Babcock’s ESD programme empowers communities
To make the most of the talent in the communities in which it operates, Babcock Africa is bringing authentic entrepreneurial mentorship to previously disadvantaged black-owned businesses through its new in-house Enterprise Supplier Development (ESD) programme.
Headed up by Group Human Resources Director, Hamilton Sithole and Learning and Development Manager, Kathryn Paradisos, the new programme is operated through Babcock’s Education and Training division and takes a hands-on approach to small business development by providing the tools and resources needed to establish, sustain and grow entrepreneurial ventures.
The initiative works closely with local community forums in areas where Babcock operates to identify, support and uplift previously disadvantaged black-owned businesses. Course facilitators are drawn from within the Babcock group, giving students the benefit of learning real-world skills and practical problem-solving techniques that add direct value to their own business operations.
Sithole says the project aligns with Babcock’s transformation approach of nurturing social initiatives that empower and positively impact the communities in which the business operates. ‘Our in-house ESD programme is holistic and streamlined to give back to communities by providing authentic value for its participants,” he comments.
Babcock works side by side with business owners to identify their individual needs. The range of assistance it offers is as diverse as the participants and includes resources varying from laptops and equipment to raw materials.
Current students represent an assortment of trades ranging from jewellery makers and worm farmers, to beauticians, construction service providers and PPE suppliers. Training material is customised to benefit individual business needs, while a mentorship element ensures each participant receives quality time with business experts.
In order to provide comprehensive training for each student, Babcock approached internationally accredited Henley Business School to supplement the training programme. Babcock’s training modules cover subjects such as procurement, safety, leadership and managing people. It also offers a My Business course aimed at helping participants bridge the gap between academic learning and practical operations development. Henley provides entrepreneurship, marketing, finance, customer management, project management and operations modules.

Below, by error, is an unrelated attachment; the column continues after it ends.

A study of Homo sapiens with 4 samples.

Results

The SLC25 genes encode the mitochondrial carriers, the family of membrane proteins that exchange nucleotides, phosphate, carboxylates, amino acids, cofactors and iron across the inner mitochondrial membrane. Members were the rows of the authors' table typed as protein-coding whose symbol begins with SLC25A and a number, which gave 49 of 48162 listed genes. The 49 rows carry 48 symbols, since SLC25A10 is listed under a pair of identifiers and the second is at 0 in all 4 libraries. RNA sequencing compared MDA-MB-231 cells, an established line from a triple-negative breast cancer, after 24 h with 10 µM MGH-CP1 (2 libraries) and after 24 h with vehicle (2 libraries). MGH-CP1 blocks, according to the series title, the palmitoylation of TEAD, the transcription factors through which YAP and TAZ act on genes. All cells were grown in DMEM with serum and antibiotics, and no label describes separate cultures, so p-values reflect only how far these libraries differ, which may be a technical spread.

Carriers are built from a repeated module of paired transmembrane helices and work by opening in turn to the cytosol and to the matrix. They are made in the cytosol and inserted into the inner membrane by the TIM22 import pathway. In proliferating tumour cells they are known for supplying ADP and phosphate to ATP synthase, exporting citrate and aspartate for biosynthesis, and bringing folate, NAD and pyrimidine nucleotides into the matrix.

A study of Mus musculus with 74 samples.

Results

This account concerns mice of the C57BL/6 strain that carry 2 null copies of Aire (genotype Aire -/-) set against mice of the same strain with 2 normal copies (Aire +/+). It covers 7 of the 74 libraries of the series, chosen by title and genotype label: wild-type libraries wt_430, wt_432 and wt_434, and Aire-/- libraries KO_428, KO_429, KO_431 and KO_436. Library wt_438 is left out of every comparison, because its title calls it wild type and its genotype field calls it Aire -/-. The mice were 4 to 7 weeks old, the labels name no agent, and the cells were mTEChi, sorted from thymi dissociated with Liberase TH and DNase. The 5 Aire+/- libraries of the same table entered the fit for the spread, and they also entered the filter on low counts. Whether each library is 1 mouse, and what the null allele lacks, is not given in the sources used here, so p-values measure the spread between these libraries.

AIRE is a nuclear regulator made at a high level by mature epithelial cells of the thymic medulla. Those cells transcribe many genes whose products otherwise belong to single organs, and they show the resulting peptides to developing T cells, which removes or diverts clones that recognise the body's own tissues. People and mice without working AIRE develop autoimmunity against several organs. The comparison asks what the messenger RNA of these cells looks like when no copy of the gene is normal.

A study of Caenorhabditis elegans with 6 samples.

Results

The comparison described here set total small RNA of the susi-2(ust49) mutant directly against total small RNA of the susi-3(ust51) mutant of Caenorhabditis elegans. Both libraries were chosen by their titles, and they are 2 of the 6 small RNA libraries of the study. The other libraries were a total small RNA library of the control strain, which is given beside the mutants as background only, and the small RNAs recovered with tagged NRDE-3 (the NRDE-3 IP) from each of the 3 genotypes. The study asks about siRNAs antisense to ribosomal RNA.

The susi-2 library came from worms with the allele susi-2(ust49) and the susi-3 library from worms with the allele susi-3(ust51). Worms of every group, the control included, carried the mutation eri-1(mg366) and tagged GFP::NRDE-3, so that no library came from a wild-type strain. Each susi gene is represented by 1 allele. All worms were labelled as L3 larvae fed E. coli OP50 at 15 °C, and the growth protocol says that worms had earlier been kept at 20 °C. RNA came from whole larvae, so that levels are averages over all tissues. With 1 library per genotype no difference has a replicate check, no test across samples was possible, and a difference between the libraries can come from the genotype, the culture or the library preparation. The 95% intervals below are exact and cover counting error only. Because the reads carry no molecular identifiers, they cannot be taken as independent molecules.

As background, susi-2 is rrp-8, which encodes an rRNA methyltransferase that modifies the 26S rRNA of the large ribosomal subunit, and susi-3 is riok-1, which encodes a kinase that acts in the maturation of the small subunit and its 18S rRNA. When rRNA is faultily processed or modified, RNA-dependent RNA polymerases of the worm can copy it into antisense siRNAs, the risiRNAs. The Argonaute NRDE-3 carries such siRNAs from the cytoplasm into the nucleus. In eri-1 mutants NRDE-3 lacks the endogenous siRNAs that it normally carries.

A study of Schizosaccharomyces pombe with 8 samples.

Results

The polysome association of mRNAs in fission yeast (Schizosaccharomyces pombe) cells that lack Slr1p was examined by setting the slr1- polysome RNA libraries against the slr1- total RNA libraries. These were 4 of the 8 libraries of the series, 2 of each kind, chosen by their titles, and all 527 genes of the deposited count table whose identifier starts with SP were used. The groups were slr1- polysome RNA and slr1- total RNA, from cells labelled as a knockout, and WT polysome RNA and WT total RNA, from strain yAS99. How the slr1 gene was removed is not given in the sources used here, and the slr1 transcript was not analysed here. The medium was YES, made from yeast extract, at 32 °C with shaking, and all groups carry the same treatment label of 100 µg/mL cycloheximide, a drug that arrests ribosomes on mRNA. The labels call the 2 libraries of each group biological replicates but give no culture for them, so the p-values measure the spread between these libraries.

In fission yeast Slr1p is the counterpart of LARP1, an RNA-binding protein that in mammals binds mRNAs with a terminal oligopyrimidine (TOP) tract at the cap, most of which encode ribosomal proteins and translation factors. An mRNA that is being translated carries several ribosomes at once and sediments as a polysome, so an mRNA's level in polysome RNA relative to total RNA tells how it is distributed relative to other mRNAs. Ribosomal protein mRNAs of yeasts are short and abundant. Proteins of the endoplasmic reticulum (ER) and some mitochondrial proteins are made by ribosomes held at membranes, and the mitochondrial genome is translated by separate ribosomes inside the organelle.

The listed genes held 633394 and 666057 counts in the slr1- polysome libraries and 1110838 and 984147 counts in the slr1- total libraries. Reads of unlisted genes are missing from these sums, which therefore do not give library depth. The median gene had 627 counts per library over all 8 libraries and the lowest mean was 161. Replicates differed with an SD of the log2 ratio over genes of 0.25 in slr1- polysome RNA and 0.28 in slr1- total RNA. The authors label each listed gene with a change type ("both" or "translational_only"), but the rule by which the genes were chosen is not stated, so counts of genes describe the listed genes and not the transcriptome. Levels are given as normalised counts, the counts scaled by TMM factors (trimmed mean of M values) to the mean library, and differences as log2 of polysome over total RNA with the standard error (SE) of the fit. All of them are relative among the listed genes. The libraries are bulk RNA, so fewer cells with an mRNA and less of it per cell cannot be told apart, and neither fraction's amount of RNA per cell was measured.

Paradisos says that besides wanting to work in association with a renowned establishment, Henley Business School also aligned with Babcock’s approach to people and learning. “It was important for us to partner with an organisation that shares Babcock’s social sustainability vision,” she says. “We have a shared mission of helping people succeed.”
Babcock launched its new ESD programme in April 2023 and is currently training its first batch of 26 students. The small business owners were handpicked by Babcock from the greater Middelburg area after being identified by local community forums and verified by Babcock’s human resources department as owning viable, legal businesses.
“Our selection criteria are simple and all-inclusive. We look at communities where Babcock operates and focus on the development and upliftment of those struggling the most,” says Sithole.
The participants complete five project blocks every alternate month with each module running for three days. Training takes place at Babcock's Education and Training Centre in Bartlett. Paradisos says this structure ensures the programme has minimal impact on the business operations of its students. She adds that wherever possible, the suppliers used, such as caterers and transport services, are themselves small business owners.
Once furnished with the necessary tools and resources to grow their enterprises, graduates are encouraged to evolve organically and independently, with Babcock offering mentorship and advice if needed. Sithole explains that the project's focus is on giving back to the community by offering graduate entrepreneurs access to the economy in a way not defined by Babcock or a corporate programme.
“This initiative is people focused. As we start with our national roll-out, we’ll use what we've learned this year to make ongoing improvements to our programme and the lives of the participants,” says Sithole.
The next group of entrepreneurs will begin their training in April next year and will be drawn from a countrywide pool of previously disadvantaged communities residing in Babcock business areas.